Despite NGO claims that there is illegal wood in the supply chain, there has been no EUTR prosecution in the UK. The simple explanation for this is that the UK trade took a worldclass approach to tackling illegal logging and demonstrating the fact long ago. And playing a key role in that has been the TTF Responsible Purchasing Policy (RPP).

The RPP is a robust due diligence (DD) tool, which buttresses the work of certification schemes like FSC and PEFC, and was the world’s first fully implemented DD system. Once we’d developed the tools, we made DD a membership condition. That was 2008, five years before the EUTR enshrined in law the exercise of DD on timber products ‘first placed’ in the EU.

So one reason we’ve had no prosecutions is because the trade, and certainly TTF members, have been undertaking due diligence for some years; demonstrating it, and learning how best to manage risk out of business.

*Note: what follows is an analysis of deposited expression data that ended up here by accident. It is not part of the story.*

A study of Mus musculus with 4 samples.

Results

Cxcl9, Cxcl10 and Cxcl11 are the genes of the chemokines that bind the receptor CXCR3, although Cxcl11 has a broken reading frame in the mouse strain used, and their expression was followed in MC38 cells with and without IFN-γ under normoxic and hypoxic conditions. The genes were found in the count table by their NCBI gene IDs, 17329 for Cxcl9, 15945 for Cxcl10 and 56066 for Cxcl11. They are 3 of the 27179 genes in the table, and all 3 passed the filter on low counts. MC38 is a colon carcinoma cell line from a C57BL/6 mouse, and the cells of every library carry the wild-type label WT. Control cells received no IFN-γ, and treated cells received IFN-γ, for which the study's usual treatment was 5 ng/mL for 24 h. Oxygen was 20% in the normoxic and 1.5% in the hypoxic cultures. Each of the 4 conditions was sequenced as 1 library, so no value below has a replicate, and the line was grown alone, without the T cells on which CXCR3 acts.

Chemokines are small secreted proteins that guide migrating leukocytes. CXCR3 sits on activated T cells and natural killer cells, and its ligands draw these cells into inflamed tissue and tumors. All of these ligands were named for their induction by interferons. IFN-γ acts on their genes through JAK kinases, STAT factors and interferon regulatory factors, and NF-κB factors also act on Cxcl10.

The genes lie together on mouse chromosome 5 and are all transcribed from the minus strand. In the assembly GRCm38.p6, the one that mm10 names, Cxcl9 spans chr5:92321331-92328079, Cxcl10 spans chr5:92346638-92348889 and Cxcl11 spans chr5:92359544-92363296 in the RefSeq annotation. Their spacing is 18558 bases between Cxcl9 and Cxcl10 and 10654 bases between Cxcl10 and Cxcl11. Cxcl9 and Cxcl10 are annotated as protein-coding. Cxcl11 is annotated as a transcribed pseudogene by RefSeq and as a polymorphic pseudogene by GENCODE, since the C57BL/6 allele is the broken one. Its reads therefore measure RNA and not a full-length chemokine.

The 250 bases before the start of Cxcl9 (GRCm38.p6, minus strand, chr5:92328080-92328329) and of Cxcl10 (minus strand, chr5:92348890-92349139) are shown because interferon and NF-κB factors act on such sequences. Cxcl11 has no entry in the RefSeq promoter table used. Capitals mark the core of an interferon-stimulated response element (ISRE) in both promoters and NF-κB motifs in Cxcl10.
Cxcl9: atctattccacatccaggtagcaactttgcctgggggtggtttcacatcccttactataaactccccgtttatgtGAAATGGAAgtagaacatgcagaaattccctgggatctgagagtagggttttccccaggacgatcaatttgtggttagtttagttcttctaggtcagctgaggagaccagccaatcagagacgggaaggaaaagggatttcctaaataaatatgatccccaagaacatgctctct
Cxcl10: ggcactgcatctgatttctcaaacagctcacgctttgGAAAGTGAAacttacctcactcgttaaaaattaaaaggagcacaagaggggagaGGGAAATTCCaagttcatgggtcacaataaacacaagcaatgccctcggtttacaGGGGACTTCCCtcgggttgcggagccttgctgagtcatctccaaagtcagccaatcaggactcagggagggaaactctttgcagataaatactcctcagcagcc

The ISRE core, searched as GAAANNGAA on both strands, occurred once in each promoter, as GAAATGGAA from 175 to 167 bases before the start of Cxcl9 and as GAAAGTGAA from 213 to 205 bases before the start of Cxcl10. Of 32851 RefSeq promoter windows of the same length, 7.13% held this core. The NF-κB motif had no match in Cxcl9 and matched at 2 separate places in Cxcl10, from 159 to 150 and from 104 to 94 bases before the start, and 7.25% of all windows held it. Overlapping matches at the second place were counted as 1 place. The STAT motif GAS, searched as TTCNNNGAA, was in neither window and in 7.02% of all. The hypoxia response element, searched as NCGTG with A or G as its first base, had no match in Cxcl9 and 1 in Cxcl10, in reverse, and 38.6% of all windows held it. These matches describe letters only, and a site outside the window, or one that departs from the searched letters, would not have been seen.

An important second reason for the absence of prosecutions is the NMO’s approach. When appointed, the UK EUTR Competent Authority took time to understand the trade, the RPP and approaches to measuring, managing and mitigating risk. The RPP is better as a result, as is members’ risk management.

However, prosecutions will inevitably come. The NMO knows where the skeletons are hidden and we will work with it to ensure they prosecute successfully. I make no apologies for that. This trade’s reputation on legality has placed us at the top table with all stakeholders from government to customer to NGO. They listen because we speak from a position of strength. We have a membership and trade that does what is necessary to ensure wood and wood products live up to the sustainability billing we give them. This is far too important, not least in commercial terms, to allow the cavalier or criminal to jeopardise.